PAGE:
The countdown to the end of 2021 is underway. While children excitedly write lists for Santa, there are also many who find choosing the perfect gifts for loved ones brings stress and anxiety.

When it goes well, giving or receiving a gift is a great experience. Both the giver and the receiver get that good rush of dopamine feeling. But bad experiences can leave us with a fear of choosing ‘the wrong gift’.

How can we get ourselves back to finding the joy in gifts? Thankfully, psychology research gives us some tips.

Does it need to be a surprise? Often gift givers assume that a gift that shows thought and creativity will be preferred to a gift from a wish list. Gift registries are a common part of weddings, but many online platforms now offer a similar thing for other celebrations like birthdays and Christmas. A study on wedding gifts in 2011 showed that recipients strongly preferred gifts that had been on their lists over other gifts. If you are struggling for inspiration, you may actually bring more joy by asking them for some ideas!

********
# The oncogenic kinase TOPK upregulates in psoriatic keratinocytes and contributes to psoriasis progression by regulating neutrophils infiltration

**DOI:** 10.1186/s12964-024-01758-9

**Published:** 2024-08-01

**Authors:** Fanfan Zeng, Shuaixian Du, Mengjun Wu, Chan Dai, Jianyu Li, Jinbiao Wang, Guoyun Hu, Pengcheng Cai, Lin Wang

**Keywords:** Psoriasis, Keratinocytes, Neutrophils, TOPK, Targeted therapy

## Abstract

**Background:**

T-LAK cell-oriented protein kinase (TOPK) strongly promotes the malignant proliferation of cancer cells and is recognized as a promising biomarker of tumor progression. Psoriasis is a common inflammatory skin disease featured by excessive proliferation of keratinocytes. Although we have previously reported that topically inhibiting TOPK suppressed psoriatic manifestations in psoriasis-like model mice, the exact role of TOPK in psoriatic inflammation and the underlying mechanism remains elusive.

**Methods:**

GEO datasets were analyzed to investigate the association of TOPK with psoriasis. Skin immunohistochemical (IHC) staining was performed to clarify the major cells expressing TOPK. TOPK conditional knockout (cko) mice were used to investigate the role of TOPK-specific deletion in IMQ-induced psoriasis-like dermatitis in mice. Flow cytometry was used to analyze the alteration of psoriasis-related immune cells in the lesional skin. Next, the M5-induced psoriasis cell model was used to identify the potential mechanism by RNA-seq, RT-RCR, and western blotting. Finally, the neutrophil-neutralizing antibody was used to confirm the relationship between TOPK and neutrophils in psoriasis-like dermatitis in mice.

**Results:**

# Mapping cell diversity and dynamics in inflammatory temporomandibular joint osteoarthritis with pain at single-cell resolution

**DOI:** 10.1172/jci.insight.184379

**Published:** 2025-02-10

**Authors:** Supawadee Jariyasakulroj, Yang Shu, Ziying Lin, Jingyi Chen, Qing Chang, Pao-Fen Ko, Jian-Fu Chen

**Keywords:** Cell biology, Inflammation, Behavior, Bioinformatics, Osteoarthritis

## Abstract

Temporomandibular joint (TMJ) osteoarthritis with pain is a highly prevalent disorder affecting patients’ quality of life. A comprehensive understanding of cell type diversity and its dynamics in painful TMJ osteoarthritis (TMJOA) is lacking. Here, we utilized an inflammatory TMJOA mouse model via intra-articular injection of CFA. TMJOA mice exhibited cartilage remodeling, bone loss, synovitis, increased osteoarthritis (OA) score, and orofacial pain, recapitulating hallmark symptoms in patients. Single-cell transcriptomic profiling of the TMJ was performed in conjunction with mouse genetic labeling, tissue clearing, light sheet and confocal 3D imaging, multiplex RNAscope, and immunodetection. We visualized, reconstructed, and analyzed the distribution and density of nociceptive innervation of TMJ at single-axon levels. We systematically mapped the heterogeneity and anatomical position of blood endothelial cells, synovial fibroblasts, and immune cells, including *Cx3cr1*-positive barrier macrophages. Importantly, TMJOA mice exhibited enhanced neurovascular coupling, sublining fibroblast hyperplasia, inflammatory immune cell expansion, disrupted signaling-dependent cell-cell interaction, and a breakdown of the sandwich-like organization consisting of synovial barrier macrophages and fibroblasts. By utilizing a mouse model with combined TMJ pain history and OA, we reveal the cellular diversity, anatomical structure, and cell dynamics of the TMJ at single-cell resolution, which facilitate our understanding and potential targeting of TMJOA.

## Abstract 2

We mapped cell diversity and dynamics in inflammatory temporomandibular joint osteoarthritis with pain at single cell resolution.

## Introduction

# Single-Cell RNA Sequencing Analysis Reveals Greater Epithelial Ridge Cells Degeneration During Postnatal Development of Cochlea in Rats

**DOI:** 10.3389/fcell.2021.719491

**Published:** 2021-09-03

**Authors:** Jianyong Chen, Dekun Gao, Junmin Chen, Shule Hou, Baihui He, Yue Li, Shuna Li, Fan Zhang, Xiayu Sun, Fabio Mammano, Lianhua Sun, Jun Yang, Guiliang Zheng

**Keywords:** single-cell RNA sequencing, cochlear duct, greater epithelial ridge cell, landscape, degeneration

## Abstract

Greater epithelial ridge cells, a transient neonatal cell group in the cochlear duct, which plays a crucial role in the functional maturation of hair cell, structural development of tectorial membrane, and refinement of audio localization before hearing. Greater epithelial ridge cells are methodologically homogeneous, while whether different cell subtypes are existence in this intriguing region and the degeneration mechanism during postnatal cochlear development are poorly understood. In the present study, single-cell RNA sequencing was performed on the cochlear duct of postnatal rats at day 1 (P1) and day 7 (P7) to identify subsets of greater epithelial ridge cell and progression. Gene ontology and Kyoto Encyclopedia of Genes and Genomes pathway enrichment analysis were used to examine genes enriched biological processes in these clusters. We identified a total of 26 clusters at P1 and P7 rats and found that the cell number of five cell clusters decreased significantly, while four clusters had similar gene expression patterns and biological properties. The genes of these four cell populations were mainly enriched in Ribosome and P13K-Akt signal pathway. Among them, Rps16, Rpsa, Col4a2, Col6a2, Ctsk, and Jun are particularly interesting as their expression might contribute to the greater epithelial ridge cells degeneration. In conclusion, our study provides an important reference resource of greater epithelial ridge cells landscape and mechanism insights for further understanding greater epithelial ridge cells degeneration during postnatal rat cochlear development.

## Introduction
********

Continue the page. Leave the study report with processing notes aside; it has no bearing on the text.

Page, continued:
Experiences vs Physical Gifts? Gifts usually conjure up images of boxes, wrapping, giant bows, and the mystery of what might be inside. A physical gift may feel more normal, but studies show that gifts that give an experience are often better received and can connect people in a more significant way than material gifts. If you are struggling to find the right gift, consider giving an experience, like tickets to a movie or a concert, a trip in a hot air balloon, or a pottery class.

Try to not add to the stress this season can bring. When deciding on a gift, consider the path that will give you the greatest joy and least stress – a surprise, an experience, or simply asking the other person what they want.